How Caregiving Affects Finances
Updated on Nov 02 2018
Family caregiving can be emotionally draining as well as expensive. According to a recent survey, nearly 21 percent of caregivers have have borrowed money to provide care, and even more are struggling to save for their own futures.
The financial and personal impact caregiving can have on families can be severe. While the gender bias is changing, it’s still largely women who take on the role of caregiver for family members, whether for their children, aging parents or a disabled family member. For this reason, including caregiving in your financial planning is important.
The Financial Toll of Caregiving
According to the Family Caregiver Alliance National Center on Caregiving and a recent ‘True Cost of Caregiving’ survey by Northwestern Mutual:
- Approximately 43.5 million caregivers have provided unpaid care to an adult or child in th last 12 months.
- About 34.2 million Americans have provided unpaid care to an adult age 50 or older in the last 12 months.
- 85 percent of caregivers provide care for a relative, with 49 percent caring for a parent or a parent-in-law.
- One in 10 caregivers provide for a spouse.
- Caregivers spend 24.4 hours per week helping with activities like bathing, dressing, housework and managing finances.
- 32 percent of caregivers provide at least 21 hours of care a week, on average providing 62.2 hours of care weekly.
The reality is that many Americans have to leave the workforce to care for a child, a disabled family member, an injured or ailing spouse or an aging parent. The caregiver role can be disruptive to a career, and that has major implications for caregivers’ finances — predominantly women’s finances since they are generally the family caregiver. Major disruptions include:
- A loss of income
- Loss of career momentum
- Financial hit to retirement accounts
Here are some tips to manage your finances as a caregiver:
1. Remember that your financial stability comes first.
The number one rule in caregiving is to take care of yourself first. This also applies to your finances. Create a budget and spending plan and stick to it. It’s important to look for ways to cut your expenses and boost your savings in every way possible.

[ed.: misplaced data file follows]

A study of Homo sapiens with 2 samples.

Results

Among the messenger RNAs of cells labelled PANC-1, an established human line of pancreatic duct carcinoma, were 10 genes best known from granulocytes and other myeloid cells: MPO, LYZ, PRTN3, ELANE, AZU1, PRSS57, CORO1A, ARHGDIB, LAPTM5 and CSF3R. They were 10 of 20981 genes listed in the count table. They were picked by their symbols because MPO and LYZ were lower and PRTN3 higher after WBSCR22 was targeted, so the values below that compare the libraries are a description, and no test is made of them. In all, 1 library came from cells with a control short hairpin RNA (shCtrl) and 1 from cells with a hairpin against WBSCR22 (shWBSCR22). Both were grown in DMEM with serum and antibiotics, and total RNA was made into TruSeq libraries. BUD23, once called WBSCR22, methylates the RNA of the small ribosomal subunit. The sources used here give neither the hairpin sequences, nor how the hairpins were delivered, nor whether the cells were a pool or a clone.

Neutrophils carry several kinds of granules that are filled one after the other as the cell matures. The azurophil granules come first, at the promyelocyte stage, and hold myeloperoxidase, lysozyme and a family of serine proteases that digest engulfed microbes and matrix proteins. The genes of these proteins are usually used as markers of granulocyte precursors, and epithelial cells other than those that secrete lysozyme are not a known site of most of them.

2. Don’t take on unmanageable debt for yourself.
Don’t put expenses for a loved one on your own credit card. It’s easy for interest charges and debt to spiral out of control; especially if you no longer have the income you had before caregiving. Research community or governement resources to help lower caregiving expenses. Your local Area Agency on Aging or other services in your area might be able to help.
3. Consider alternative care options before leaving your work.
Before leaving your full-time position with benefits, explore other care options like possibly an in-home caregiver or adult day care. If you have to, explore ways of working reduced or part-time hours. Just remember that benefits are expensive so do everything you can to maintain your benefits.
4. Make sure you have emergency funds.
Many Americans don’t have enough savings for emergency funds, which is a huge problem. Being prepared in case of an emergency, whether medical or family, or the inability to work for months at a time requires financial reserves. Make sure to replenish your emergency fund and remember your own financial well-being.
5. Prioritize your retirement savings and future well-being.
Keep actively contributing to your retirement accounts, even if it’s just a small amount each month into your 401k or IRA. If you dipped into your retirement account to cover caregiving expenses, rebuild your funds — even if it’s slowly. Make sure to take advantage of the vesting contribution from your employer and other benefits before cutting hours or leaving a job, and set up an IRA to continue to contribute. Purchase long-term care insurance for yourself and make sure you have all your legal paperwork and financial ducks in a row.
6. Get help from friends, family and community resources.
Last, but certainly not least — Make sure to enlist help. Caregiver burnout is common as caregiving can take a toll on many aspects of your life. Make sure to get help from friends, family and community resources and prepare for your own aging and stability. Also, an expert financial advisor can help you organize your finances to help give you peace of mind.